Friday :: Jan 5, 2007

A Little Exposure on Those Earmarks

by Mary

Congress just passed new budget rules that require Pay as you go and publicly disclosing pet projects - aka earmarks.

It seems that some Republicans are very unhappy with the PAYGO provision.

“This is putting the American taxpayer on a collision course with higher taxes,” said Paul Ryan of Wisconsin, top Republican on the Budget Committee.

“Today, we are cutting our national credit card,” countered Heath Shuler, D-N.C., during floor debate Friday. To underscore the point, Shuler cut a credit card in half at a news conference populated by moderate-to-conservative “Blue Dog” Democrats who are most responsible for implementing the rule.

At the same time, House lawmakers passed a Democratic proposal to require lawmakers to disclose publicly the pet projects – referred to as earmarks in legislative terms – they want for their districts or states, such as Alaska's bridge to nowhere in the last Congress. Republicans had made a similar move last year, and GOP critics of pet projects applauded Democrats' efforts to require greater disclosure.

Still, only about a fourth of the Republicans voted for the earmark disclosures because it was linked to the PAYGO rule that will make it harder to extend the tax cuts set to expire in four years.

The emphasis on earmark reform came in the wake of the Randy “Duke” Cunningham scandal, in which the former California GOP congressman pleaded guilty to corruption charges for channeling earmarks to defense contractors in exchange for $2.4 million in bribes. Lesser scandals have hit other lawmakers.

Of course, if Congress borrows the money for making the tax cuts permanent, someone will be paying the bill, just not their plutocrat friends.

The earmarks have been a very lucrative source of funds for the lobbying community as well as the Congress members who add them to a bill. From the NY Times last summer:

Enlisted almost exclusively to land earmarks, lobbyists for local governments have boomed alongside a broader explosion in such appropriations, to 12,852 items worth $64 billion last year from 4,219 pet projects totaling $27.7 billion in 1998. The prolific earmarking does not change the overall budget's bottom line, but how the pie is cut: dollars are doled out, often in secret, at the whim of a lone legislator — often under the influence of a lobbyist — rather than through a competitive process.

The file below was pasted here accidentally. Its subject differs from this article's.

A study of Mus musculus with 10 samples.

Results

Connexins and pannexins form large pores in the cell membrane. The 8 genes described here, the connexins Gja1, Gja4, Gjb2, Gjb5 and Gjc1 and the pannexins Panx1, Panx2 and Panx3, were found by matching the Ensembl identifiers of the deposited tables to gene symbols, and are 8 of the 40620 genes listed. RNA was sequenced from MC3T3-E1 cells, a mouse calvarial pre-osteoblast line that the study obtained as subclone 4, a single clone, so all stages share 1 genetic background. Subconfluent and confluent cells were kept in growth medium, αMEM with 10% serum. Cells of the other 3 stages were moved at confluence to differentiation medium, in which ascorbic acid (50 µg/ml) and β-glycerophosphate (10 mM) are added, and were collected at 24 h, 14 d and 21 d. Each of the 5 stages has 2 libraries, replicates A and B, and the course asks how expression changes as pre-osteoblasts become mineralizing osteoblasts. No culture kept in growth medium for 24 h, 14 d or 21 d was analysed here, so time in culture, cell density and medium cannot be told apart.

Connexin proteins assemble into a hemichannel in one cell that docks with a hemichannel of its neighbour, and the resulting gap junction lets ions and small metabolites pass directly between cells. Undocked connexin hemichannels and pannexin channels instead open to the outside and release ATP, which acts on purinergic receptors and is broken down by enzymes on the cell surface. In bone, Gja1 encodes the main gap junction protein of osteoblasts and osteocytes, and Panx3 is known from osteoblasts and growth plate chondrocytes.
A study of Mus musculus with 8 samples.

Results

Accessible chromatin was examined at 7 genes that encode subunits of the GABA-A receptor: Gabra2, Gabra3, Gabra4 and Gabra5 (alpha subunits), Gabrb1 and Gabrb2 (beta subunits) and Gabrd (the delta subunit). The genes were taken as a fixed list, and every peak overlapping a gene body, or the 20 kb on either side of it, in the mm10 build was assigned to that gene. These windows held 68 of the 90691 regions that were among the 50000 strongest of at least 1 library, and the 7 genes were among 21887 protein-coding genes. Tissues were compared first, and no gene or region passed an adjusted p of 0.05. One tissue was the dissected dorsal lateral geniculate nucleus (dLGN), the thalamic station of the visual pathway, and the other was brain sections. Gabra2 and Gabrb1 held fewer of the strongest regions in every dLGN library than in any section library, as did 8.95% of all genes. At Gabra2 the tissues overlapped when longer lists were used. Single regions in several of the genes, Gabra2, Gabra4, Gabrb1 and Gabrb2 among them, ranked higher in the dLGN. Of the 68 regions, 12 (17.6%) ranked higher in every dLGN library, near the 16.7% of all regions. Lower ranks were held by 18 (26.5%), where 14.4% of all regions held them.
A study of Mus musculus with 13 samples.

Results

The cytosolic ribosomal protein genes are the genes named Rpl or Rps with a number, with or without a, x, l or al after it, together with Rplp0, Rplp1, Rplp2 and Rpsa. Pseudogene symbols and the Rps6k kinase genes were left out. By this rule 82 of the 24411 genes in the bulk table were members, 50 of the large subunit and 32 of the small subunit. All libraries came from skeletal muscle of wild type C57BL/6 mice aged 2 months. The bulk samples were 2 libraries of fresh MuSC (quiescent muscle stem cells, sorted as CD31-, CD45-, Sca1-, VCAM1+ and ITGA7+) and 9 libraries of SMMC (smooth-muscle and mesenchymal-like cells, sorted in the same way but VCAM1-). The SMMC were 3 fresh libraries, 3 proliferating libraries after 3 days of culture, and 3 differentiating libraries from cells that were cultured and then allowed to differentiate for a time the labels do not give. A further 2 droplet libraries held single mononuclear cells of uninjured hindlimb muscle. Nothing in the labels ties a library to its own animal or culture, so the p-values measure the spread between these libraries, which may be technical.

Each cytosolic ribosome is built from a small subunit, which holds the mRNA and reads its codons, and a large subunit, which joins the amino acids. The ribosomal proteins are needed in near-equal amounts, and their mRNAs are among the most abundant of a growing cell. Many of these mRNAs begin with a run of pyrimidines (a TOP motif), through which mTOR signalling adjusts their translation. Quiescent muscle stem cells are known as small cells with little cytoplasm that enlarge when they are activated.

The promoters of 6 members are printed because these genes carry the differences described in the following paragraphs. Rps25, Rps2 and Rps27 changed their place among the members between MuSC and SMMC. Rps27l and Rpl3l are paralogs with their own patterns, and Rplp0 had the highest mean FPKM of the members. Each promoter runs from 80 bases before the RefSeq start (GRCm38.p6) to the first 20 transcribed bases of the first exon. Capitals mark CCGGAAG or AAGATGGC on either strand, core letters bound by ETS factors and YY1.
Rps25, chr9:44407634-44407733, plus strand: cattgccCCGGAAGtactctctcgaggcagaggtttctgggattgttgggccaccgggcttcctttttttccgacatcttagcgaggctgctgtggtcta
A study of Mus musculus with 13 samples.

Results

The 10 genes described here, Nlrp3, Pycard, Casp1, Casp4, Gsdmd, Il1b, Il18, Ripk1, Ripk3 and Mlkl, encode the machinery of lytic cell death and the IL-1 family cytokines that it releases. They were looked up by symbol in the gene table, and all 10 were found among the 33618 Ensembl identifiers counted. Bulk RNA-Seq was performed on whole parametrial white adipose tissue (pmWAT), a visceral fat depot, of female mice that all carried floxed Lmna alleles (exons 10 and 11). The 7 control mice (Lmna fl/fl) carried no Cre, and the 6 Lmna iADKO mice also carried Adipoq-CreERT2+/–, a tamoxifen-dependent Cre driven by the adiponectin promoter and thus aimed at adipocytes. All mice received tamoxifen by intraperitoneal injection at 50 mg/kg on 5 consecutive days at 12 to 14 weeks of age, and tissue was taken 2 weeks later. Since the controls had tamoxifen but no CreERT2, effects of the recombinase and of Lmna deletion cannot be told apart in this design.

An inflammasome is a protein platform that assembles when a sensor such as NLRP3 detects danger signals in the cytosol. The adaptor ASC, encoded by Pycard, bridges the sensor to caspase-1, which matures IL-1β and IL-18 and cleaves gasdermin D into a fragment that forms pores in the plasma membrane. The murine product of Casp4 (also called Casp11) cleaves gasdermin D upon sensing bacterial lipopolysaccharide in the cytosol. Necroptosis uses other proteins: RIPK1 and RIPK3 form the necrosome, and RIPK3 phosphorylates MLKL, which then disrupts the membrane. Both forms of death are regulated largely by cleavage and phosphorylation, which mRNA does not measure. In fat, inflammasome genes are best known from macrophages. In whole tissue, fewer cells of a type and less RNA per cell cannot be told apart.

Earmarks passed out so freely during the past few years are coming back to haunt the Congress. Today, the LA Times reports that prosecutors have issued subpeonnas to the Intelligence, Appropriations and Armed Services committees.

The probe stems from the bribery case against Rep. Randy "Duke" Cunningham (R-Rancho Santa Fe), who pleaded guilty and resigned in 2005.

The scope of the investigation is unclear, although the request for documents is considered unusually broad.

The subpoenas, which follow a failed attempt by the Justice Department to persuade the Republican Congress to voluntarily turn over thousands of documents, could test Democrats' pledge to reform ethics in the new Congress. Last year, House Minority Leader Nancy Pelosi (D-San Francisco) — who today becomes House speaker — opposed a broad-based Justice Department search warrant targeting Rep. William J. Jefferson (D-La.).

The subpoenas went to the armed services, appropriations and intelligence committees, whose Republican chairmen reported the subpoenas to outgoing House Speaker J. Dennis Hastert (R-Ill.) in letters dated two weeks ago.

The subpoenas were made public Wednesday by the Congressional Record online. The House is supposed to turn over the requested records by Jan. 11 or else file an objection with the U.S. District Court in San Diego. Typically, such deadlines are extended.

Prosecutors in San Diego and a spokesman for the general counsel of the House declined to comment, and a Pelosi spokeswoman had no immediate comment.

The subpoenas are an escalation of a nine-month tug-of-war between the Justice Department and House Republicans. Prosecutors had asked the committees to turn over the information voluntarily.

House leaders and their lawyers consider the request constitutionally suspect, saying it runs afoul of the "speech or debate" clause, which protects members of Congress from prosecution for their legislative acts, including earmarks. Some have also complained that the committees would need months to compile such data.

Perhaps Rep. Jerry Lewis is a little worried these days? Because I think that the Duke Cunningham case shows that outright bribes will not protect a congressman from prosecution. And via TPMMuckraker, we see that the Cleveland Plain Dealer has come up with the quid pro quo for Bob Ney's little services for Abramoff.

What did it cost for Ney to insert language in the Help America Vote Act that would have helped a Texas Indian tribe represented by Abramoff to reopen a closed casino? Abramoff instructed the tribe to make political donations to Ney that totalled $32,000.

Frankly, I hope that Nancy supports the investigations because with $64b involved, one can be assured there is a lot more corruption than we've yet heard about.

Mary :: 12:32 PM :: Comments (12) :: Digg It!